Do you believe the phrase “progressive sanctification” is Biblical?

What is the Biblical approach if any to “progressive sanctification”?

I know to be sanctified is to be set apart , growing in knowledge of God and His Son. Is there another definition that better fits the Christian walk; than “progressive sanctification” ?

A244 : by Tony Garland

Yes, I believe the Bible teaches “progressive sanctification” (although it never explicitly uses that phrase). By progressive sanctification, what is generally meant is,

Even though the New Testament speaks about a definite beginning to sanctification, it also sees it as a process that continues throughout our Christian lives. . . . [The believer's] task, therefore, as Christians is to grow more and more in sanctification . . . (Rom. 6:19; 2Cor. 3:18; Php. 3:14-15) . . . sanctification even involves increasing likeness to God in our thoughts as well as our words and deeds. . . . All the moral exhortations and commands in the New Testament epistles apply here, because they all exhort believers to one aspect or another of greater sanctification in their lives. It is the expectation of all the New Testament authors that our sanctification will increase throughout our Christian lives.1

As many have observed, it can be helpful to think about three tenses involving sanctification:

  1. We have been (past tense) sanctified from the penalty of sin (1Cor. 1:2; 6:11).
  2. We are being (present tense) sanctified from the power of sin (Eph. 5:26; 1Th. 4:3-4; Heb. 2:11).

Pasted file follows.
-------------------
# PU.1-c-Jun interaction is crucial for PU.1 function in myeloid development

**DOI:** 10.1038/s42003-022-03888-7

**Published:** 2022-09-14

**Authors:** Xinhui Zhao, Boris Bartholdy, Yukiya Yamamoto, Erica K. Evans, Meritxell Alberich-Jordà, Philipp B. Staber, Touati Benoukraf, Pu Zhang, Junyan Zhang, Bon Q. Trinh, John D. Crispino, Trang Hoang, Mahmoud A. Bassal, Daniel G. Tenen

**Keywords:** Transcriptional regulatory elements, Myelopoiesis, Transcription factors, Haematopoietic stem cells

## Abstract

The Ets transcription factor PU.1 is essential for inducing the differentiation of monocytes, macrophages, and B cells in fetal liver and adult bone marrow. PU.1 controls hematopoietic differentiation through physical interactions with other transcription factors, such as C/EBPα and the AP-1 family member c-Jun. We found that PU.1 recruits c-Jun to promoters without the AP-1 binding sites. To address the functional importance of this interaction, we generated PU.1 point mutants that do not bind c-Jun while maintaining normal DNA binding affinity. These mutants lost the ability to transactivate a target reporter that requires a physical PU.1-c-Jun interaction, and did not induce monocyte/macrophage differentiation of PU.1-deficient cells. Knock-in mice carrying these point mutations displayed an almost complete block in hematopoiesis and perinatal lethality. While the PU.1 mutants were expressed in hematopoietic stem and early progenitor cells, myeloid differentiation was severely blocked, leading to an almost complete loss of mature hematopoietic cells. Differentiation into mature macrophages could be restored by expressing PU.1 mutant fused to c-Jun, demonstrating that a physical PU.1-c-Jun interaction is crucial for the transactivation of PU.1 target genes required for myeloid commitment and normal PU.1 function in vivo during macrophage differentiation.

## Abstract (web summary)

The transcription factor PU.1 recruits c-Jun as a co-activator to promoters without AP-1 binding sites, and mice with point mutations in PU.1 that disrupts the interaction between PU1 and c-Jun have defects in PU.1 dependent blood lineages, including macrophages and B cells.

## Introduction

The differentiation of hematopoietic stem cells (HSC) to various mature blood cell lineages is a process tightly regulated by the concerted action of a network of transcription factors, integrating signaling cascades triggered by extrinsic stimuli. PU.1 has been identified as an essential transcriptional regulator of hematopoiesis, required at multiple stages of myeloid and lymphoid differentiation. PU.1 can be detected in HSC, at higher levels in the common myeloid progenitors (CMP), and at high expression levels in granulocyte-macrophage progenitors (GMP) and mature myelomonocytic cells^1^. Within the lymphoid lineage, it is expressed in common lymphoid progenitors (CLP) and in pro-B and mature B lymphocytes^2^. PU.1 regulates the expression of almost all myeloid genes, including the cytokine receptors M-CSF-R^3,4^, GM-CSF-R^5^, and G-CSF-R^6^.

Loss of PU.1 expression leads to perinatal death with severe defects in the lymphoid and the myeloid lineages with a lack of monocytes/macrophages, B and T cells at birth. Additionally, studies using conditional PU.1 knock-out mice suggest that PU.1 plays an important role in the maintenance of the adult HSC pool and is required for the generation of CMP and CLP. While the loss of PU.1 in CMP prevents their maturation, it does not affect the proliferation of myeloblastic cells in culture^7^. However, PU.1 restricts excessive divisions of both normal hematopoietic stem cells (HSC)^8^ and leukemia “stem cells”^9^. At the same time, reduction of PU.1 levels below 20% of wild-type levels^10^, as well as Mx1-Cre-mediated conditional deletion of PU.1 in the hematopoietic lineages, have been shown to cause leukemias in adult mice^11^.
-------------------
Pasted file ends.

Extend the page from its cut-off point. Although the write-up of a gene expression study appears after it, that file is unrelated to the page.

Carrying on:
3. Eventually, we will be (future tense) sanctified and purged of the very presence of sin (1Cor. 15:49; Heb. 12:23; Php. 3:21).
I don't personally see a problem with the phrase “progressive sanctification” because it states that we incrementally grow in our likeness to Christ which is a clear teaching throughout Scripture (Rom. 12:1-2; 2Cor. 3:18; Eph. 5:26; Heb. 12:1,14; James 1:22; 1Pe. 1:15).

We may define [our ongoing] sanctification as that gracious operation of the Holy Spirit, involving our responsible participation, by which He delivers us as justified sinners from the pollution of sin, renews our entire nature according to the image of God, and enables us to live lives that are pleasing to Him. [Anthony A. Hoekema, The Reformed Perspective]2

Alternative phrases which could describe the process of sanctification include: “Christian transformation” (Rom. 12:2; 2Cor. 3:18); “conformation to the image of Christ” (Rom. 8:29); “experiential sanctification” (used by Chafer/Walvoord in Major Bible Themes3); or even “Christian renewal.”

It seems best if the phrase includes the word “sanctification” because, however one refers to the process, it results in an increased ability to live a holy life (the noun holy, ἁγιας [hagias], is the root word behind the verb sanctify, ἁγιαζω [hagiazō]).

The progressive in progressive sanctification denotes “gradually advancing in extent” and is not used in the modern sense of changing standards to accommodate an increasingly wayward culture.


Endnotes:

1.Ref-0394, 748-749
2.Ref-0238, 24
3.Ref-1276, 206-211


Sources:

Ref-0238Stanley N. Gundry, ed., Five Views on Sanctification (Grand Rapids, MI: Zondervan, 1987).
Ref-0394Grudem, W. A., Systematic Theology : An Introduction to Biblical Doctrine (Grand Rapids, MI: Inter-Varsity Press, 1994).
Ref-1276Lewis Sperry Chafer, Major Bible Themes (n.p.: Van Kampen Press, 1926).